One Man’s Quest to Beat Depression and Anxiety and Finally Let the Sunshine In
April 22, 2012
— depression, Happiness, Todd Patkin
KEVIN CULLEN Commercial-News
Todd Patkin had it all: the respect of his community, leadership of his family’s growing auto-parts business, and a great wife and son.
But over time, he became paralyzed by depression and anxiety. At 36, he suffered a nervous breakdown.
His new book, “Finding Happiness: One Man’s Quest to Beat Depression and Anxiety and — Finally — Let the Sunshine In” is a primer in how to set priorities, establish limits and find happiness.
Several of his suggestions hit home with me, for instance:
— “You have to choose and prioritize happiness — it doesn’t just happen.”
Long ago, someone told me that real happiness requires three things: something to do, someone to love, and something to look forward to. You may live in a shanty in ol’ Shantytown, but if you have a job, a dream, and the right girl, life is sweet.
— “Striving for work/life balance is worth its weight in gold.”
I once knew a reporter who earned four weeks of paid vacation each year, but took only one week; the other three were forfeited. His job was everything to him. He acted as though the newspaper would shut down if he weren’t there. He’s gone now, but the paper has never missed an issue. Lesson learned.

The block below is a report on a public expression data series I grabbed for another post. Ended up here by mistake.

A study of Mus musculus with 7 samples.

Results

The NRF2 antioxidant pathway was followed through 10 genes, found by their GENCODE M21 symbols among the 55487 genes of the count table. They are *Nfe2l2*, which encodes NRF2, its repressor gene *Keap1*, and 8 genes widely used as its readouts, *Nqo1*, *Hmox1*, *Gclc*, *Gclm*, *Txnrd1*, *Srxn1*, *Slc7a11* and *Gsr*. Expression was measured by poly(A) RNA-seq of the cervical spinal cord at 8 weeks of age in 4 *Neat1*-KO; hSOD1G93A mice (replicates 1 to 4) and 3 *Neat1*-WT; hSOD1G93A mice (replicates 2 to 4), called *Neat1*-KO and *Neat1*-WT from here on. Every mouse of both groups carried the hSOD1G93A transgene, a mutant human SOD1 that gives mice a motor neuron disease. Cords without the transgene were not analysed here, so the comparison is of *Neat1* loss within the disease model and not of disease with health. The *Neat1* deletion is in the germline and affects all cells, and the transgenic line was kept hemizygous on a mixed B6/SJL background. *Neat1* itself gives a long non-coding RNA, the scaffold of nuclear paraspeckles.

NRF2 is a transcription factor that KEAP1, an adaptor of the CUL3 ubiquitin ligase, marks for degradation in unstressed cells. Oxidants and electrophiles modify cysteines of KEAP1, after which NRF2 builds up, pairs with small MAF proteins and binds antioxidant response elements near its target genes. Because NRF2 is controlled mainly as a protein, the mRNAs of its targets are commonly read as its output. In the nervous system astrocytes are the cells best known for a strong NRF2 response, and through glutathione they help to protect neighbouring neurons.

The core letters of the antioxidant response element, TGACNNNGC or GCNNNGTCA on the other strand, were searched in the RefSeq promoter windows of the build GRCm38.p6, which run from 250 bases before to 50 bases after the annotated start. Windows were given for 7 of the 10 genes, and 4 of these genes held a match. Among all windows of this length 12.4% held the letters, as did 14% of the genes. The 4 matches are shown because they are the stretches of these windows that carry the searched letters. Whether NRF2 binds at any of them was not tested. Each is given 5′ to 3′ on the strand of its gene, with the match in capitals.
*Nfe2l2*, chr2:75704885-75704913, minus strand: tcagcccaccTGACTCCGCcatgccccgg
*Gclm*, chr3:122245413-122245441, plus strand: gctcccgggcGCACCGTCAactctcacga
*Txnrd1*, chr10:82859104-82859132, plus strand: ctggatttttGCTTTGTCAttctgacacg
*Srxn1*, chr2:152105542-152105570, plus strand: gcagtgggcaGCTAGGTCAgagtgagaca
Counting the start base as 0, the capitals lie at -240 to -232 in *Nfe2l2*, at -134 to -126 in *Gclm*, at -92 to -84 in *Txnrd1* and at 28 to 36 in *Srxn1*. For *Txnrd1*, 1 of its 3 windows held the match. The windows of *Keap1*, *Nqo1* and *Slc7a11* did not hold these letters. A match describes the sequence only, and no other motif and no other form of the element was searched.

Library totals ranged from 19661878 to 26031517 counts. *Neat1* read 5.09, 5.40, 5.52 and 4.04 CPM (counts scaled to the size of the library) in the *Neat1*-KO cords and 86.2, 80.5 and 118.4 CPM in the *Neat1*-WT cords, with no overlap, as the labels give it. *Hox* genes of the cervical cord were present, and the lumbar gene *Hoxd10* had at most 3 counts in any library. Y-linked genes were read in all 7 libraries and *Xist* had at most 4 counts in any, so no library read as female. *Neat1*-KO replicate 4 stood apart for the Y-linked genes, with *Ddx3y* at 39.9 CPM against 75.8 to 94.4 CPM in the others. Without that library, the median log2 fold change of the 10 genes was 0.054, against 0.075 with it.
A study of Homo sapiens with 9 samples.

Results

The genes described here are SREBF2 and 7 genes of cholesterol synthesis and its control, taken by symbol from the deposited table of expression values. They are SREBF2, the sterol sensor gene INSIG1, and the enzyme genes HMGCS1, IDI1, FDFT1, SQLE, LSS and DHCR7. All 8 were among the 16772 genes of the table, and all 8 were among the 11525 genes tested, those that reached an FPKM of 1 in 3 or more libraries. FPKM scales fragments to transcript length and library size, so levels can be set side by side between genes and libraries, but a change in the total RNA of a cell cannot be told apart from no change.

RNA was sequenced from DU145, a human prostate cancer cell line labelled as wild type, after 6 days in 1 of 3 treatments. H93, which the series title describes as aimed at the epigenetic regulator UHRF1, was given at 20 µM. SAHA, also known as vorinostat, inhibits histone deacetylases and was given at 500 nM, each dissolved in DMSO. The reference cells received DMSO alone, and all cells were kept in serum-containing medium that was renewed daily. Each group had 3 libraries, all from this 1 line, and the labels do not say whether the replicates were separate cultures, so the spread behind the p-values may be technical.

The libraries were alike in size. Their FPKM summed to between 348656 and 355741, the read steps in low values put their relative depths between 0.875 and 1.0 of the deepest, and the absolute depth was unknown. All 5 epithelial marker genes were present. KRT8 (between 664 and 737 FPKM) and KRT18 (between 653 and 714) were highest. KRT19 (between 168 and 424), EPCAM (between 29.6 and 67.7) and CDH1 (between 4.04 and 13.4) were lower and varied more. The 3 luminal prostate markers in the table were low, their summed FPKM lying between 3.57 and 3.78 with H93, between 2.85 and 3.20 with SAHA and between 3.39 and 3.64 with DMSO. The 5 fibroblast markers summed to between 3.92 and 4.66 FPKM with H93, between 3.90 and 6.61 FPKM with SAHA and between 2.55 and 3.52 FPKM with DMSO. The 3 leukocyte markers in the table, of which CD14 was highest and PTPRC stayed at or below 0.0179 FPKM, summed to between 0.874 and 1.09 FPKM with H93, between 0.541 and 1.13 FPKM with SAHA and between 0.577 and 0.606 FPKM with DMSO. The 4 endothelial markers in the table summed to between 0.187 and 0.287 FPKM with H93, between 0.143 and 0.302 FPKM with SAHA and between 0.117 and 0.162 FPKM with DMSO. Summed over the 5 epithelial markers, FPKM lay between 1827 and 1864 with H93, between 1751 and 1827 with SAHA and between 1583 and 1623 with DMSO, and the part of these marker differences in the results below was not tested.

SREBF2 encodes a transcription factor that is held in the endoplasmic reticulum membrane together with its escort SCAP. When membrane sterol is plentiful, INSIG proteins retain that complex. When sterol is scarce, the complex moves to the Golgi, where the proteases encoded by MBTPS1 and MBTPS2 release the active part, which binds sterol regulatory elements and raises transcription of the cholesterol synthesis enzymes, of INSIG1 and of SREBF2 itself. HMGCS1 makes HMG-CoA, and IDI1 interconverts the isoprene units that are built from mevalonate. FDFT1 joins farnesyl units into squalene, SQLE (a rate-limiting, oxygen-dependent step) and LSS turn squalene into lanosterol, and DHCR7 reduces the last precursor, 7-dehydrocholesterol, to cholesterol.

— “We are our own worst critics.”
Comparisons are corrosive. No matter who you are, there always will be lots of people smarter than you, richer than you, better looking than you. Run with your blinkers on.
— “It’s never too late to start living in the present.”
It’s one thing to be nostalgic, and another to constantly relive mistakes, become mired in disappointments and wallow in regret. When someone asked George Burns what he would change in his long life, he replied that he wouldn’t change a thing … but he would like to live it all over again, just as it was, one more time.
— “Focusing on what you’re good at is best for everyone.”
I once knew a Nobel Prize laureate. In his 90s, he still came to work each day, directing post-doctoral students in his university laboratory. He wasn’t on the payroll; he loved chemistry. The happiest people are those who have a knack for something and find a way to make a living doing it. As Robert Frost said, vocation and avocation should be one, “as two eyes make one sight.”
— “Exercise is worth its weight in therapy.”
Physical exertion — even scrubbing a floor — can cleanse the mind, ease sadness and mend a broken heart.
— “Being friendly is a good investment.”
Strangers used to make eye contact and say “hi” to each other on the street. Now, it seems, they’re glued to their smart phones and iPods. We need to unplug, smile, and radiate kindness.
— “A grateful heart is a happy heart.”
We Americans are the luckiest people on earth, but we love to gripe, gripe, gripe. Our country isn’t perfect, but nobody’s leaving.
Danville native Kevin Cullen is a former Commercial-News reporter. Reach him at firstname.lastname@example.org.